Can handwriting help you do your job better in the digital age? If you’re like most people, you probably do most of your writing on a computer. When you’re on the go, you may use your phone or tablet. Handwriting, by contrast, feels painfully slow. Perhaps even hard.
The word alone — handwriting — may evoke images of pages and pages that you need to retype into your computer before you can even start making sense of them. But before we dismiss it as obsolete, let’s look first at the benefits of handwriting.
Benefits of Handwriting
The advantages of writing something by hand aren’t immediately obvious. Typing is faster than handwriting. The spellchecker helps you avoid typos and grammatical errors. Digital file formats make editing, formatting, sharing, and publishing easy. Besides, when you type something instead of handwriting it, you save yourself the trouble of having to transcribe it.
So why even bother to handwrite something?
1. Sometimes, Slower Is Better
When you write slowly, you can pick your words with care. It’s easier to make sure that every word you write serves a purpose. This can be especially important when writing an organization’s About page, for example. Or any other piece of writing where the content is more important than the keywords or call to action.
2. Helps You Focus
For many writers, the internet, email, and the other things that a computer can do can be a major distraction. You may set out to write an article, but if you get an important email or stumble upon some momentous news item, resisting it may prove to be too great.
Distractions and interruptions can have a destabilizing effect on your productivity. They interrupt the thought process and halt your creativity. Imagine this. You’re driving fast and good on the highway. But then you see a wild animal ahead of you. You have no choice but push the breaks. An interruption can do the same thing to your writing. Stop you dead in your tracks.
3. Calms You and Induces a Peaceful State
Handwriting has the power to calm down your brain. Computers, with their bright screens, background music, and constant notifications, have just the opposite effect. A writer’s life can feel hectic, especially when you have plenty of assignments to complete in a short time. Handwriting may be the simple and unexpected solution to stay calm and keep writing.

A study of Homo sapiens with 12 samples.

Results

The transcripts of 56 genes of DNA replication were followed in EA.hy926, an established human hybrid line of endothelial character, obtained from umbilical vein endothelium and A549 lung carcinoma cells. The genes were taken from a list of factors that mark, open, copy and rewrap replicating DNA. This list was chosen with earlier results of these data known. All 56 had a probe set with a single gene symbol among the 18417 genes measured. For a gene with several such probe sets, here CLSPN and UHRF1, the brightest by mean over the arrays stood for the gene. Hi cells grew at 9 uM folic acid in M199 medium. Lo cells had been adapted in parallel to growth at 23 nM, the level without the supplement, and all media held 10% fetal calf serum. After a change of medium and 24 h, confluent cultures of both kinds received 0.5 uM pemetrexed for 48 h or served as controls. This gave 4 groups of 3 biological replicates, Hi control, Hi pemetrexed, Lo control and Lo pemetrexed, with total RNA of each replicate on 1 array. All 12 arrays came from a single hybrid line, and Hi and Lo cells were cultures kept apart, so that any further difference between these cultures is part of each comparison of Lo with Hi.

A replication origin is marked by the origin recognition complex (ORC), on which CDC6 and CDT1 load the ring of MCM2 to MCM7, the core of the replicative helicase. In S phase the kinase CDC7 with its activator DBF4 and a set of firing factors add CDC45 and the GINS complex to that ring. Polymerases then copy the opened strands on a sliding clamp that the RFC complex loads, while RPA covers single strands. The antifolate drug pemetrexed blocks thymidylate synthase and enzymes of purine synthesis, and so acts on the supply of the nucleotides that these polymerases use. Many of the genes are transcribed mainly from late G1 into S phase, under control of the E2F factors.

4. Unleashes Your Creativity
Studies have found that handwriting works out more parts of your brain than typing. This makes handwriting ideal for brainstorming ideas, creating outlines, or breaking down a difficult assignment into manageable parts.
When you have to write a long piece on a challenging topic, the extra time you put into handwriting an outline could save you hours of actual work and research. Handwriting can also be an effective way to come up with keywords or engaging headlines. You can also count on it for creating compelling calls to action.
How to Write Creatively by Hand
As you can see, handwriting more often can be a positive thing. But how can you maximize the benefits of handwriting without it feeling like a drag?
It takes a bit of practice, it’s true. If you haven’t handwritten in a long time, picking up your pen or pencil will feel a bit strange. Almost like you’re holding a foreign, ancient object in your hand.
That’s why you don’t want to force yourself too much. Handwriting won’t transform you overnight into a genius. Start slow but steady. Check out these creative writing tips and handwriting exercises.
Set yourself a time limit or a page limit. Don’t think too much about what you are writing. Don’t correct errors or pause to think about what you have written. Don’t stop until your time or page limit runs out. There may be fluff on your page, but among it, you may find sparks of inspiration.
2. Handwrite in The Morning
In the morning the brain is fresh and reaches its highest concentration levels. Add handwriting to that, and you create perfect conditions for writing something great.
3. Handwrite Before You Type
Switching from your computer to the page may seem awkward, like downshifting on a speedway. By contrast, moving on to the computer once your words are flowing on the paper may seem like a natural transition. In a Paris Review Interview, Ernest Hemingway himself said that he handwrote until the writing got good, and then switched to his typewriter.
4. Handwrite Ideas
Take a blank sheet of paper and turn it, so that it’s in “landscape mode”. Write in the middle of the page your keywords, call to action, or a name of the page you want to create. Then start handwriting ideas around it. Make big ideas bigger and smaller ones smaller. Circle ideas you like and cut out ideas that you don’t like. This can be one of the most creative handwriting exercises around.
5. Handwrite What Others Wrote
Simply copying great writing can improve your own writing. You assimilate words and expressions and turn a style that you want to inspire you into a habit. Handwriting great writers’ writing also gives you a better understanding of why their writing works. You get to look at the smallest units of language and make sense of them. When it comes to tips for first time writers, this may turn out to be one of the best.
So, when should you handwrite? If you’ve read so far, you may feel by now that handwriting and typing aren’t really contenders, but different strategies that can complement each other.
You can handwrite when you need fresh ideas or a creativity boost, or when you aim for perfect word choice. On the other hand, when you need to write fast and link together the ideas you already have, typing is just what you need. It’s quick, efficient, and makes editing so much easier. By both typing and handwriting, you can improve your writing. Try handwriting more and before long you’ll see the results.